2014 Challenge, Week 7: STILL LIFE – CAMERA

Wow, the PhotoChallenge.org community seems to have exploded with new members this year. Awesome! We love seeing all the amazing and creative photos the community comes up with every week. Since there’s been an influx of new people, I thought I’d start of with a quick rundown of the rules.

The rules are pretty simple:

  • Post one shot each week for theme posted on this blog to Google+Facebook, or Flickr (or all three). Tag the photo #photochallenge.org. or #photochallenge2014.
  • The shot should be a new shot taken for the current weekly theme, not something from your back catalog.
  • Have fun.

That’s it. If you miss a week, no worries. The challenge isn’t a competition, it’s for you to learn and grow as photographer, and hopefully make some new friends along the way. It’s acceptable to post “make up” shots, but try not to make that a habit. We want the photos posted each week to remain in the theme, but know that people have lives, families, get sick, etc.

Now onto this week’s theme: Still Life – Camera. We love cameras, maybe we’re even obsessed with them. The sound of a shutter opening and closing is majestic, and nothing compares to the feeling of your favorite camera in your hand as you press the shutter button. This week you get to train your camera on a camera.

“voigtlander vitessa l773-74” by mondays child

Old cameras make great subjects, but you can use any camera you have available. With a still life the composition, lighting, and background are as important as the subject. The shot above uses a simple gray background with a slight texture that compliments the texture of the camera body.

By contrast, the image below uses other cameras in the background to set the stage. Controlling the depth of field provides separation between the subject and the background. The lighting and surface compliment the color of the camera tying the shot together.

“Olympus PEN-EE S (meio quadro)” by Silvio Tanaka

Reflections and lighting are used in the shot below to accent the main subjects. Using these two cameras together in the shot is a great choice of subjects that adds a compelling story.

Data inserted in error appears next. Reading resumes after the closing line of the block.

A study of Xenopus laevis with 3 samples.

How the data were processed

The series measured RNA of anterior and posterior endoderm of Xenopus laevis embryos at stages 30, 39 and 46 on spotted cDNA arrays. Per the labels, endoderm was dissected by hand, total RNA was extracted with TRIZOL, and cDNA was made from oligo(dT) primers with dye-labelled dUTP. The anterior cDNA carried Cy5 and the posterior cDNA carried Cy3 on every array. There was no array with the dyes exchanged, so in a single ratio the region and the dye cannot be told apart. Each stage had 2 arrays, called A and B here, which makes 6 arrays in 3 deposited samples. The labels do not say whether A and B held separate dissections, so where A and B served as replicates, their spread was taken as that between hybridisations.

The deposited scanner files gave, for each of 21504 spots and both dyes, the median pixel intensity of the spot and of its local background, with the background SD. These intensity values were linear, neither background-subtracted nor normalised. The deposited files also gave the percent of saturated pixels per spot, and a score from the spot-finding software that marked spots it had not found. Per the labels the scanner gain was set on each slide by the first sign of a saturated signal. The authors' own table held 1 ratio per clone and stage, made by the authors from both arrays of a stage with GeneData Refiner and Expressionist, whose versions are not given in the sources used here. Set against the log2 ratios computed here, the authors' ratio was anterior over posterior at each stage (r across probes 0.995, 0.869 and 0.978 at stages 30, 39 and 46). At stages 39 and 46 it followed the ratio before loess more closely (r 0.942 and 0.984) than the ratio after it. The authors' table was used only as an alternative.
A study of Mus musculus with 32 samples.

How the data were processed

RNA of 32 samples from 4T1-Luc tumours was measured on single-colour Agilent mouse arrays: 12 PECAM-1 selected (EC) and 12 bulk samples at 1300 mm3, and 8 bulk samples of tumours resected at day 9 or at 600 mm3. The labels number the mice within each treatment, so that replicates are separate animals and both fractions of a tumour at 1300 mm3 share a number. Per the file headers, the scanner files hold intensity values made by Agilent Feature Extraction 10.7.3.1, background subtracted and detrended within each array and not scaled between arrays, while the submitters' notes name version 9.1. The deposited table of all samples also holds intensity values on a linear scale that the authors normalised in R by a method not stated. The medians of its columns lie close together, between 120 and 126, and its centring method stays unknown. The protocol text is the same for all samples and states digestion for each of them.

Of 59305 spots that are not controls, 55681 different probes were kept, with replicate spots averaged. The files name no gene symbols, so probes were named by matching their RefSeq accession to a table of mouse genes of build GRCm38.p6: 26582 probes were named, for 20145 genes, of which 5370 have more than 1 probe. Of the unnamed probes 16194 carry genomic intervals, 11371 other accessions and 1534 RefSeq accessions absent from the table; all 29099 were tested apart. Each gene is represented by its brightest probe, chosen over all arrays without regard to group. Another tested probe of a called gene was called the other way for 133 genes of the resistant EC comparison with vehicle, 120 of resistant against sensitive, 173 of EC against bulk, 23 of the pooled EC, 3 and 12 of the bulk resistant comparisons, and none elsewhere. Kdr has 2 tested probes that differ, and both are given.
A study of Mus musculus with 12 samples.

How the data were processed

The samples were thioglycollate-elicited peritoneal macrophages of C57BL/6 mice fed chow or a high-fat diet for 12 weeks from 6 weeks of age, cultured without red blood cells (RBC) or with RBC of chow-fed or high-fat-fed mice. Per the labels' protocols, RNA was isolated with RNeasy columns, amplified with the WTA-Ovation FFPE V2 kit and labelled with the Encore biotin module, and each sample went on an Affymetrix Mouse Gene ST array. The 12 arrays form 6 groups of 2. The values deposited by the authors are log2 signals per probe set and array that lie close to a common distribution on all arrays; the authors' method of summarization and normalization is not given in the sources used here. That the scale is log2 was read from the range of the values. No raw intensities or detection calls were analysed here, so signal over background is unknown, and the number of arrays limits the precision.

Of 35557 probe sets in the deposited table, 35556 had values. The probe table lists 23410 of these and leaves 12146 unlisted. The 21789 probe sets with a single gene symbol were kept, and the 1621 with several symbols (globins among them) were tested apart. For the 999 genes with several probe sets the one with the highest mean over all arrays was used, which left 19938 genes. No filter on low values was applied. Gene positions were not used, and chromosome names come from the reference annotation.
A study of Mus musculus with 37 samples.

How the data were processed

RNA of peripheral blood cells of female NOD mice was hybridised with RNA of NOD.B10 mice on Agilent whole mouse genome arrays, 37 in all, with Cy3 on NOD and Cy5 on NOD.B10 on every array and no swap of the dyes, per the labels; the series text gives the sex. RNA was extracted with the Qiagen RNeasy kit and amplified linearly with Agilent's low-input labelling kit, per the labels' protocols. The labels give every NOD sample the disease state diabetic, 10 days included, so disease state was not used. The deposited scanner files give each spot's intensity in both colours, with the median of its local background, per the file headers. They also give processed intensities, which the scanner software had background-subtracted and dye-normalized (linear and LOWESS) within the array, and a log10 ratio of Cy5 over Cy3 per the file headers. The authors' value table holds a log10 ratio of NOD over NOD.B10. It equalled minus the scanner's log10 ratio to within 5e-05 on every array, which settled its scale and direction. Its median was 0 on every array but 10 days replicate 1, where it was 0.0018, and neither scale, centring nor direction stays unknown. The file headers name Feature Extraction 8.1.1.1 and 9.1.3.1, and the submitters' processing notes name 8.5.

“Why Not Both?” by Mosi Lager

Here the texture of the table, grain in the photo, and the use of black and white set the mood of this shot and give it a vintage feel. I also really like the contrast and tones.

“.through her eyeS” by Sippanont Samchai

You don’t have to just use a camera, you can add in other related elements, like the empty film spools in the this shot. I picked this shot because of the background. It looks like a sheet, which is something anyone can get ahold of and use for still life photography.

“Zeiss Ikon Box-Tengor” by Ralf

And finally, just a cool shot of a cool camera. My wife had a K-1000 way back when we were dating. It’s a great 35mm camera.

“Things I Like: Pentax K1000” by Dave Lawrence

We all want to see your best shot! So, share your single submission with us all on at least one of our social media groups at Google+Facebook, or Flickr.

Also, here are the links I shared last week with some tips:


About Steve Troletti

I'm a Location Scout, Editorial, Nature, Wildlife and Environmental Photographer based in Malibu, California. I specialize in Nature and Urban Nature photography including Infrared Landscapes. The Bulk of my work takes place in the Los Angeles, California area, Greater Montreal Region, Canada, Switzerland, France and Varese in Northern Italy. Ethical wildlife photography is the main priority and focus of my work. A minimum disturbance of the animals, their habitat and the environment is my top priority. This applies as much to total wilderness areas as it does to urban nature environments. Ongoing education of environmental issues and building awareness for the protection of wildlife and wilderness areas around the world is what drives me to document the beauty that surrounds us.